While most things like working or teaching can still be done online from home, you wouldn’t expect a physical, team sport like football to make the shift online as well.
But that’s exactly what Emmanuel K. Mohan has been doing with the El Roi Football Academy (ERFA) for the past year, as the coach hasn’t let “staying at home” stop him or his youth players from training by conducting practice sessions on Zoom.
“It’s been a whole year now since we have opted to train online. We started at the beginning of the first movement control order (MCO) last year and it’s been going really well,” said Emmanuel.
“It’s not like we can actually play football matches at home but we try to work with the players on other things like fitness, coordination, ball technique and skill development.”
Emmanuel, who has been a coach for the past 15 years, formed ERFA eight years ago and coaches children and young adults, aged seven to 18, at two separate locations in SS2, Petaling Jaya and Kelana Jaya.
The 36-year-old said that while training online isn’t exactly ideal for team sports such as football, just being able to play in some way has been very helpful for him and his players during the months in lockdown.
“We’ve received a lot of positive feedback from the parents so far. Even though the kids can’t go to the field to play anymore, they still try to train online at home. It gives them something to look forward to,” said Emmanuel.
“So instead of us not being able to do anything football related while staying at home, the kids have a new avenue to play, train and stay fit in some way, albeit minimally.”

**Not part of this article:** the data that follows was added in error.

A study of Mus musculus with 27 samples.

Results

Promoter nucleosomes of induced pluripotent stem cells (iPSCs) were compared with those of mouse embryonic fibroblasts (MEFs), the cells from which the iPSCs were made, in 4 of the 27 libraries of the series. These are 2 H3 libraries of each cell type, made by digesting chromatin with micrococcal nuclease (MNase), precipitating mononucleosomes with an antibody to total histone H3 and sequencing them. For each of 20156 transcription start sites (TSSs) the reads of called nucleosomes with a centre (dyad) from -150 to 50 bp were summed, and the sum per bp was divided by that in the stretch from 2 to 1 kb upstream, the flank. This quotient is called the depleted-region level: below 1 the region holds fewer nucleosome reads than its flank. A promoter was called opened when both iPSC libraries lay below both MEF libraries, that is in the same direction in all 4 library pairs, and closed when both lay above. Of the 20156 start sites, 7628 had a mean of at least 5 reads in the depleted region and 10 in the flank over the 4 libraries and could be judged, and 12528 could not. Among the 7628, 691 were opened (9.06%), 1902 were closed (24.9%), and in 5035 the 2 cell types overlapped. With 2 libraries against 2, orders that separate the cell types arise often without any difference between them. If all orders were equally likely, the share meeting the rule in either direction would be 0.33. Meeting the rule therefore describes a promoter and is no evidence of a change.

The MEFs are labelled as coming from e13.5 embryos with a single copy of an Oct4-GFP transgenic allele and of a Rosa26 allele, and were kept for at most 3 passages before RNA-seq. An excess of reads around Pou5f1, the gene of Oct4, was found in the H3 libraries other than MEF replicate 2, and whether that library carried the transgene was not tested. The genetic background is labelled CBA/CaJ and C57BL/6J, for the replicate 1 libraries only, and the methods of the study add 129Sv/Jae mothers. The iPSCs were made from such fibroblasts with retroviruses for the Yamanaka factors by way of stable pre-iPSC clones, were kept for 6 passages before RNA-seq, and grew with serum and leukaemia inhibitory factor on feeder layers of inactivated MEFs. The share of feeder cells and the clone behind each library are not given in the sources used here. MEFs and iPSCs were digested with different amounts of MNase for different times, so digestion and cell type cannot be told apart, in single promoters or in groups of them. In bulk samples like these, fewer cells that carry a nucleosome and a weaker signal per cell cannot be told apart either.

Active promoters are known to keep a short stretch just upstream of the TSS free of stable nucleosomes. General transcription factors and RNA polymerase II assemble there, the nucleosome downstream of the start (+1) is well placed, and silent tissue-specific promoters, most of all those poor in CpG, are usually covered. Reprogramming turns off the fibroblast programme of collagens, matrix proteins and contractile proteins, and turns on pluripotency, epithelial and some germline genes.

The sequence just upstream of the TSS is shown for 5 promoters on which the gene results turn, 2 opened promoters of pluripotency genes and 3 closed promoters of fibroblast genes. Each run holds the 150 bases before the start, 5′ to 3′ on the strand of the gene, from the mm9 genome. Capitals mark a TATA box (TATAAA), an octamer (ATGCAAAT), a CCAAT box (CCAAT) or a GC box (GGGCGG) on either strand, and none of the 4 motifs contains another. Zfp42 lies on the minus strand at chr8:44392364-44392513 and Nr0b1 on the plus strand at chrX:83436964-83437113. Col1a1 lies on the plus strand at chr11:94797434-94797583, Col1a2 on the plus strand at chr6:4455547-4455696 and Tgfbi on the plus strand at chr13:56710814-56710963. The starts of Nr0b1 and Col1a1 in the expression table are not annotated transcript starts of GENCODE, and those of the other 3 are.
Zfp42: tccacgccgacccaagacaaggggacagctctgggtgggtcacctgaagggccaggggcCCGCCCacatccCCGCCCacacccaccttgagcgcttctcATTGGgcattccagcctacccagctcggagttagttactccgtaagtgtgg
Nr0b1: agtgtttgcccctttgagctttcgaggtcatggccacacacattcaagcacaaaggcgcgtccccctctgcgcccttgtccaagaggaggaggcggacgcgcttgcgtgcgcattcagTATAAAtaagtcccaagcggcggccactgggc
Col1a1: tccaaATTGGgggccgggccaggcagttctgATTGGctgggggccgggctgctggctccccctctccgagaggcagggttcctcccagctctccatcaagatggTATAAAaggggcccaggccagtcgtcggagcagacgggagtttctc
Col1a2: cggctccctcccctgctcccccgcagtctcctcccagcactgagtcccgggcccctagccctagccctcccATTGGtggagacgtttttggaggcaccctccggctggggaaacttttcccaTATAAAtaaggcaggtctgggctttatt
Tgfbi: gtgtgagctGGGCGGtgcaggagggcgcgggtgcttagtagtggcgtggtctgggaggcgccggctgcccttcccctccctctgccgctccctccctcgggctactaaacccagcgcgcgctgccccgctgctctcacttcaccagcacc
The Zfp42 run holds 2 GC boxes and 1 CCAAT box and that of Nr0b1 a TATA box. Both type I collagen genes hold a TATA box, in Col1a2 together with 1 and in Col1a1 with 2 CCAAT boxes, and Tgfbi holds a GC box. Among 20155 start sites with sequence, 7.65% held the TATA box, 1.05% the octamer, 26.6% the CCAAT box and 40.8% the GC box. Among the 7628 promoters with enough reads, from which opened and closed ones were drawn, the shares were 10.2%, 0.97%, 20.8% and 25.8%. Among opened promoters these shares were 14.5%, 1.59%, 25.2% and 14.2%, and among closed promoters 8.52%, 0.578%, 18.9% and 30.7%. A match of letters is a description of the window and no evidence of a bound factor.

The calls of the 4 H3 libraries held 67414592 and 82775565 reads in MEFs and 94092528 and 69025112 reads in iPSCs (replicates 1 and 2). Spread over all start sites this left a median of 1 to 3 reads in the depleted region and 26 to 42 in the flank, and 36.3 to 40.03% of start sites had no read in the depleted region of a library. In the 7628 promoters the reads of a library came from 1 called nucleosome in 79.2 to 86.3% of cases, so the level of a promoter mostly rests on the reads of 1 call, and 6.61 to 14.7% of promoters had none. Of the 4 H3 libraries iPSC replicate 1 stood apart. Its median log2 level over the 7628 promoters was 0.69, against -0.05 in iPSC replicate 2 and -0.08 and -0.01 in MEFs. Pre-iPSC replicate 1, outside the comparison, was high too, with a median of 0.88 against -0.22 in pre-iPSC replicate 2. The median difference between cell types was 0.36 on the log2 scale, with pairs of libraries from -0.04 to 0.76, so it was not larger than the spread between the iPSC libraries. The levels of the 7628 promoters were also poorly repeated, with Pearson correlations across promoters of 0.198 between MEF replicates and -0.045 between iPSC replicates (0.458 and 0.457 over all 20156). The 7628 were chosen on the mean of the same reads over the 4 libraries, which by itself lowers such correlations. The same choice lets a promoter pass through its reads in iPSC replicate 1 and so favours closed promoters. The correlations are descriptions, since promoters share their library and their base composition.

Emmanuel added that training was conducted twice a week on the weekends, with each hour-long session mainly consisting of more technical and fitness-based training regimes to accommodate the online shift.
He said that in every session he demonstrates each drill or exercise to the 20 current players enrolled at the academy before they practise it themselves, while he gives feedback on their performance.
He also conducts “Life Talks” with his players every fortnight, where he gets professional coaches to talk to his players about their experiences and also for them to get to know each other better.
Emmanuel said that while he was overjoyed to communicate and guide his players virtually, there were still unique challenges that made it difficult for some of his players to train.
“Some of them live in condos or apartments so there’s not much space for them to train. Some don’t have a proper internet connection also, so they miss out sometimes and we have to repeat drills,” he said.
“It’s definitely not always easy and as a coach, wouldn’t say this is ‘proper’ training like we usually do.
“We can’t do team drills or shooting drills but we have to make use of what we have instead of complaining.”
Emmanuel also said that online training has also kept ERFA afloat since last year, as the pandemic heavily affected the coaching industry.
“Because ERFA is my own academy, last year affected me a lot in terms of finances,” he said.
“I used to train my ERFA kids on the weekends and go to international schools to coach the kids there on weekdays. But when schools closed and sports weren’t allowed during the MCO, I lost about 80 per cent of my usual income.
“It’s been a learning process for me and my players as well. But we are all just looking forward to the day we get to go back on the field again.”